KJ Rangers work in Martu Country, the Australian outback to help keep Country healthy for people and nature
KJ Jigalong rangers pose for a photo © Kanyirninpa Jukurrpa

Climate Change Stories

Working with Indigenous Australians for conservation

Supporting Indigenous people to manage their land for conservation.

Kanyirninpa Jukurrpa is one of the partners of the Ten deserts Project
Kanyirninpa Juku Women Rangers Kanyirninpa Jukurrpa is one of the partners of the Ten deserts Project © Kanyirninpa Jukurrpa

For tens of thousands of years, Indigenous Australians managed the land. They hunted, gathered food, lit fires and fished in the ocean and rivers. Coming off the land after European settlement caused not only huge cultural and social dislocation and difficulty for Aboriginal Australians, it also proved a disaster for conservation. Problems caused by changes to fire regimes were compounded by the devastation caused by introduced species like cats, foxes and camels.

Indigenous people in conservation around Australia

A revolution is quietly occurring across outback Australia, far from the eye of most Australians who live in urban areas. Indigenous Australians are returning to their lands to manage them for conservation and improve the lives of their families.

These rangers are supported by a variety of organisations including The Nature Conservancy  and, in particular, the Australian Government. In places like Fish River StationMartu Country and Fitzroy River region, Indigenous Ranger programs are having a profoundly positive effect on people’s lives and achieving long-term environmental, economic and cultural benefits for people and Country.

It's not only outback Australia where The Nature Conservancy (TNC) is supporting Indigenous people. In the lower Murray-Darling Basin, a consortium led by TNC is managing a property named Gayini Nimmie-Caira. Together with its Traditional Owners represented by the Nari Nari Tribal Council, and in partnership with the Murray Darling Wetlands Working Group and the Centre for Ecosystem Science at the University of NSW. We’re conserving precious wildlife and protecting significant cultural heritage over this vast 87,816 hectare property. It neighbours Yanga National Park which creates a much larger protected area that native species can call their home.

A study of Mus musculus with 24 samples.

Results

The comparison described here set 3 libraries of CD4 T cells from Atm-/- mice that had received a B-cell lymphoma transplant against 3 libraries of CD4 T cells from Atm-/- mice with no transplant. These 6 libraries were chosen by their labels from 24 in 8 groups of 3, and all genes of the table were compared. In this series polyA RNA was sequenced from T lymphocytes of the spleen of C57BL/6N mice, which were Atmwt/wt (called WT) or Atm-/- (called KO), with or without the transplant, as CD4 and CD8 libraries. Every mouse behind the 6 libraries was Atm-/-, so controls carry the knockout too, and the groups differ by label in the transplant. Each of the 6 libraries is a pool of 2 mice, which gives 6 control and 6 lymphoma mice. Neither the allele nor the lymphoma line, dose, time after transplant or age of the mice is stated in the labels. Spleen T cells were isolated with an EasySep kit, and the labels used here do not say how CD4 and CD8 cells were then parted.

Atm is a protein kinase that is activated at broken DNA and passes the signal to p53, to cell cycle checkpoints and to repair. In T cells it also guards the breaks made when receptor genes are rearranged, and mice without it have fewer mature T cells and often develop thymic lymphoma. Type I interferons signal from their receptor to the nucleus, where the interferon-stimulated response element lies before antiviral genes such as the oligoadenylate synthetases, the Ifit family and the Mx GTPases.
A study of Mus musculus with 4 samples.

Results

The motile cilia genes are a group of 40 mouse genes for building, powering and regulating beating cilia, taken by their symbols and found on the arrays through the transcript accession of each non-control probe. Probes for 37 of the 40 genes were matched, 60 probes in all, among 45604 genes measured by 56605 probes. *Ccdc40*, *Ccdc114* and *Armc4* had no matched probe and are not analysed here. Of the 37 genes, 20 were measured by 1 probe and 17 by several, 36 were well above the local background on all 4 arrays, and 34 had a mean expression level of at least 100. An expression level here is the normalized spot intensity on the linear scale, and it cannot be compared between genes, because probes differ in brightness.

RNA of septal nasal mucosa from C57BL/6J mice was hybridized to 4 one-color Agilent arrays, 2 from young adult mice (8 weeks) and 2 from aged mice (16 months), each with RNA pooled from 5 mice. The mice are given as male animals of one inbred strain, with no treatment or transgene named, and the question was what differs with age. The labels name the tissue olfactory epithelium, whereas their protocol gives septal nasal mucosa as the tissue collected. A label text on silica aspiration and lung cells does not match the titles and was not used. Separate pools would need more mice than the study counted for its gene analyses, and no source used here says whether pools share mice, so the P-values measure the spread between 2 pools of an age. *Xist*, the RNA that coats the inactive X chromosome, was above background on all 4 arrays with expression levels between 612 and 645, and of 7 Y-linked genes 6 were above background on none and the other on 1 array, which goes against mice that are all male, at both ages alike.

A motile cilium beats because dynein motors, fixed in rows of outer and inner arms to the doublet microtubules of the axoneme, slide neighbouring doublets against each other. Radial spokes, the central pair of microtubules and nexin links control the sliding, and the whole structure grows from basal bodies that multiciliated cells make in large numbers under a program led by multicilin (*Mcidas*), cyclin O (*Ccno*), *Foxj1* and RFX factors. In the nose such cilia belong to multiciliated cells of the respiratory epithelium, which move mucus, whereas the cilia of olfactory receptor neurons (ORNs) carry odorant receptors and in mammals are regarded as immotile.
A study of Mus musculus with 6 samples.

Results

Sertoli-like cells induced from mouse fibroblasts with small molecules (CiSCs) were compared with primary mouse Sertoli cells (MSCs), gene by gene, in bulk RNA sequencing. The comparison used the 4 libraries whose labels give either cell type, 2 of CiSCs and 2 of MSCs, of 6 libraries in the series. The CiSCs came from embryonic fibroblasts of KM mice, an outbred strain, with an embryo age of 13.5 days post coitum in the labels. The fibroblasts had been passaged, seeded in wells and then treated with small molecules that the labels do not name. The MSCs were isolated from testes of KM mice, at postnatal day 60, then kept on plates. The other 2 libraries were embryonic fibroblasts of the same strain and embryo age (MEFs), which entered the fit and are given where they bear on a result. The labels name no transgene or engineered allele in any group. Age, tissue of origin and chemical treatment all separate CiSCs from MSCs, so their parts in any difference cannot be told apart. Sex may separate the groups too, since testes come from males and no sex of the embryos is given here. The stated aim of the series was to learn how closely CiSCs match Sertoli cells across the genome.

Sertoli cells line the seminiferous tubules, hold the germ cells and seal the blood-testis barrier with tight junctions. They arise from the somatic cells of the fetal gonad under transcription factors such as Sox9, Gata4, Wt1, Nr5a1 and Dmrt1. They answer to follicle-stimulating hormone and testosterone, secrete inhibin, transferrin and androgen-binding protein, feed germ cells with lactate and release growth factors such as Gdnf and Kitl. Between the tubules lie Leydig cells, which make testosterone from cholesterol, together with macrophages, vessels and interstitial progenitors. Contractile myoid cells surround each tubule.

TNC partners with Kanyirninpa Jukurrpa Supporting Indigenous people on Martu Country as part of the "Martu Living Deserts" project

People and nature living in harmony

Indigenous ranger groups conduct a wide variety of conservation activities including fire programs, weed and feral animal control, looking after cultural heritage sites such as waterholes, burial grounds and protecting threatened species such as the Greater Bilby, Purple-crowned Fairy-wren, Northern Quoll and Australian Painted Snipe.

Working in this way keeps traditional knowledge and culture alive, makes the conservation work more successful and helps the transfer of knowledge from elders to young people.

We are proud to continue supporting Indigenous Rangers through a number of our projects including Healthy Country Planning.

Ranger teams are living proof that nature needs people as much as we need nature.

We would like to acknowledge the Traditional Custodians of the Land we help to conserve and pay respect to the Elders both past and present.